This article is also available here.(Japanese)
Until a while ago, I was a Linux user and I used ffmpeg to make gif animations for my Blog. I recently moved to Windows and was wondering how I could make a gif animation. I found out that I could make them with ffmpeg for Windows. Well, that was the conclusion I came to, but I don’t like the fact that adding many software to Windows makes it unstable (this is the prejudice of someone who came back to Windows after a long time). So, I decided to use ffmpeg.wasm, which went viral a while ago, to create a function to record the screen on the browser. This will save me from having to install strange applications.
Here is what we have created. On the left side, specify the area to be captured and record it. On the right side, you can view and download the results of the recording.
As a side note, I also know that Windows 10 allows you to record from Win+G. I know about it, but to be honest, I didn’t know about it until after I made this browser app, so I pretended I didn’t hear about it. (I heard that it’s not possible to record full screen or across multiple windows….)
The official page of ffmpeg.wasm is here. As the name suggests, it is a Webassembly build of ffmpeg. And this allows you to use ffmpeg’s functions in your browser. However, transcode is extremely slow because it cannot use hardware assist such as GPU, etc. I felt like I had to wait for several minutes to process a 10-second 4K video. So, you may need to make it so that transcode is not needed.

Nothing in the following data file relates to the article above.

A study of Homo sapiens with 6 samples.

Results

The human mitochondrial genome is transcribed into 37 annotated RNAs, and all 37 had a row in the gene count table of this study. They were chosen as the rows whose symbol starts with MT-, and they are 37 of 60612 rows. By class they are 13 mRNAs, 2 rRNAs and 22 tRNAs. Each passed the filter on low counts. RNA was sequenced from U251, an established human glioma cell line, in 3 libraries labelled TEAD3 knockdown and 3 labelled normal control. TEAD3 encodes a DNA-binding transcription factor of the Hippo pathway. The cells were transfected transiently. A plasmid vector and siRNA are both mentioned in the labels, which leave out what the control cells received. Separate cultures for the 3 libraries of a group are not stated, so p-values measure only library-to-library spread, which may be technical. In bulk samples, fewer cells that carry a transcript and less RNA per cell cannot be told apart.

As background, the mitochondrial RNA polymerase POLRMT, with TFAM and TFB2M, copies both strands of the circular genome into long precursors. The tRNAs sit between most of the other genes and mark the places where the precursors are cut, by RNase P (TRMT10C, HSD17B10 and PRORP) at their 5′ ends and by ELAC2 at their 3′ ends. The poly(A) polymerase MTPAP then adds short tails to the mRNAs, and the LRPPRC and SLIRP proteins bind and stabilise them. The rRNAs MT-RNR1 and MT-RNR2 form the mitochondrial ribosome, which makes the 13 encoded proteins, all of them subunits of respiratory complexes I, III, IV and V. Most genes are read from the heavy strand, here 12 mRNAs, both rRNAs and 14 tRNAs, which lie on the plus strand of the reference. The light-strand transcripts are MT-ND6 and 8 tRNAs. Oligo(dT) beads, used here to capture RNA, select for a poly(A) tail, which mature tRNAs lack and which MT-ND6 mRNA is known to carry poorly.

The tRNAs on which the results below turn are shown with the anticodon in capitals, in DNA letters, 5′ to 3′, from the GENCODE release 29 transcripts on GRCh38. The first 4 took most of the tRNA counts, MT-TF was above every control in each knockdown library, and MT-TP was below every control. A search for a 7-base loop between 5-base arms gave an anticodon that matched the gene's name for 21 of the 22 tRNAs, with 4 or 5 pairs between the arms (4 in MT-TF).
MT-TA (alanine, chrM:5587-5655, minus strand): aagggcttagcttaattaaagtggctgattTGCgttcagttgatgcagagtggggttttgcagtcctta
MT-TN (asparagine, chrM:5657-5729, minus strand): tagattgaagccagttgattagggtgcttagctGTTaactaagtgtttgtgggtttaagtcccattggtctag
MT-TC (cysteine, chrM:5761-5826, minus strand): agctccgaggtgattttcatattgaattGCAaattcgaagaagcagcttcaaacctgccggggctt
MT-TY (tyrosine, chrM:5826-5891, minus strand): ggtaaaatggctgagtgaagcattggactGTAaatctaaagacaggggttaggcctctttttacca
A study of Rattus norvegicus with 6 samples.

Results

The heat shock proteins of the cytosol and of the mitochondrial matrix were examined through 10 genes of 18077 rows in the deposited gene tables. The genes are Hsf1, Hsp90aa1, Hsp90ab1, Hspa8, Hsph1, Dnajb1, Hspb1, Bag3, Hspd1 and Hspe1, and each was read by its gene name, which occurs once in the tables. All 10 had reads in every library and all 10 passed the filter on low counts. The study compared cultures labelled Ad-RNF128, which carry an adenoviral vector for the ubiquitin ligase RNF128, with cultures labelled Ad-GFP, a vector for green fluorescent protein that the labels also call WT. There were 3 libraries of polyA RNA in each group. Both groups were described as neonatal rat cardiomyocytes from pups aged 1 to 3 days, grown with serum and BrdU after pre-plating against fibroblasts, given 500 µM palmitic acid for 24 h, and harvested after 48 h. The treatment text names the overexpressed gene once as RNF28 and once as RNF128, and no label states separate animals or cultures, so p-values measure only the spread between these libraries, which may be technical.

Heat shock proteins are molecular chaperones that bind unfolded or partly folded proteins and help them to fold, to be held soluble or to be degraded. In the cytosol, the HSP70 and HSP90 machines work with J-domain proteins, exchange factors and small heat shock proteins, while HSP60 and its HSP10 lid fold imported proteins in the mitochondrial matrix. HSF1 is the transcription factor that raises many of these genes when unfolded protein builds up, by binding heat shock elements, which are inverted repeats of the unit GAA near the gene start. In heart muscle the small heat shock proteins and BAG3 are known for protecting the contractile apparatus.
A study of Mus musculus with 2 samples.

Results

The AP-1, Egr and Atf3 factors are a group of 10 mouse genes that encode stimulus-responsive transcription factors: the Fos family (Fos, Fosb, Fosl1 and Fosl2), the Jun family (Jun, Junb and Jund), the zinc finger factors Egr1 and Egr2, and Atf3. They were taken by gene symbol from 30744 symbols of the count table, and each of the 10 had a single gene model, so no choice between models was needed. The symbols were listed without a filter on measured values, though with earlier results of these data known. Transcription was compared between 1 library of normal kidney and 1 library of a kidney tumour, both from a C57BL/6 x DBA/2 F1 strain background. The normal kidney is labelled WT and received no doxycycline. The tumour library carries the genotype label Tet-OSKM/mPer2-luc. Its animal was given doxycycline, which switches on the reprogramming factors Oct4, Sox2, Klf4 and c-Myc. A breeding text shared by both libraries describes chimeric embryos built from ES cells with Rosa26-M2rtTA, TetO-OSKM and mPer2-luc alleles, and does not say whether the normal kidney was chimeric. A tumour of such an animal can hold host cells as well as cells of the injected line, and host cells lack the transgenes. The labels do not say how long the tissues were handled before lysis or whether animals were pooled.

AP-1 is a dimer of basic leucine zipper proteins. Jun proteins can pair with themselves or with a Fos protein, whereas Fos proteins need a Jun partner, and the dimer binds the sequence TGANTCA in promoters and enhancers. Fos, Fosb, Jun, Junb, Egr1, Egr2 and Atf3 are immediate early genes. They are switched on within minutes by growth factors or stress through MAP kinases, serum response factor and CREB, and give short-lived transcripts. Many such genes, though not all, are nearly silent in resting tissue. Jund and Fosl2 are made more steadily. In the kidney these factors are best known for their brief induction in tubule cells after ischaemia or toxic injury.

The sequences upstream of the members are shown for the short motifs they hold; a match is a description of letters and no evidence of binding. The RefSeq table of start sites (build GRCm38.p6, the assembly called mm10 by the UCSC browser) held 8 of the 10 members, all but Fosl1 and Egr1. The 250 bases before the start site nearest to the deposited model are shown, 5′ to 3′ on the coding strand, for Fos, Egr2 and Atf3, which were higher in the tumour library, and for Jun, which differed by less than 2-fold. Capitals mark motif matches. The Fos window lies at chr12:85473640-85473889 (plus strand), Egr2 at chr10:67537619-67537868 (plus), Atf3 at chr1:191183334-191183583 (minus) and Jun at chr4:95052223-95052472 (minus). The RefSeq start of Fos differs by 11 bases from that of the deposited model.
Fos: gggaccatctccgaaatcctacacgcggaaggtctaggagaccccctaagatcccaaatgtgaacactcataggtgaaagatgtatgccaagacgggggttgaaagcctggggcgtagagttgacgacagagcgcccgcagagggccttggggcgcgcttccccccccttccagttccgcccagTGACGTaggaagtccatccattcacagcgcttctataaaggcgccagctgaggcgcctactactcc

Let’s look at an example. It seems that Blobs recorded by MediaRecorder can be treated as Input. Before the conversion, it is necessary to fetch the Blob data on MEMFS and make it accessible from ffmpeg.wasm. Then, process the data using the familiar commands of ffmpeg. There is a bit more information about MEMFS in the API documentation and the emscripten documentation.
To capture the display in the Browser, use getDisplayMedia to get the MediaStream. Normally, we would just feed this to the MediaRecorder, but in this case, we want to be able to specify the area to record, so we feed the MediaStream to HTMLVideoElement and then write out just the target area to HTMLCanvasElement. We will then retrieve the MediaStream from this HTMLCanvasElement and feed it to the MediaRecorder.
After acquiring the blob data with MediaRecorder, import the blob data into MEMFS, and use ffmpeg.wasm to convert the blob data into mp4. Read the converted mp4 from MEMFS and make it available for download (set to anchor).
The execution part of ffmpeg.wasm and the code before and after it are as follows. (1) fetches the Blob data on MEMFS. (2) executes the ffmpeg.wasm command. (3) reads out the converted data. In (2), the `-c copy` option is given to prevent transcoding.
appInfo.ffmpeg.FS('writeFile', name, await fetchFile(new Blob(blobs))); // <---(1)
await appInfo.ffmpeg!.run('-i', name, '-c', 'copy', outName); // <---(2)
const data = appInfo.ffmpeg!.FS('readFile', outName) // <---(3)
Demo and Repository
The demo of the recording function is available at the following URL, which you may find surprisingly fast since it does not use transcoding.
And the source code is stored in the repository below.
This software records the screen with your browser. Safari is not supported. Chrome is supported in both Windows and…
I used ffmpeg.wasm to implement a screen recording function in the browser.
It feels surprisingly usable, and I’m personally very happy with it.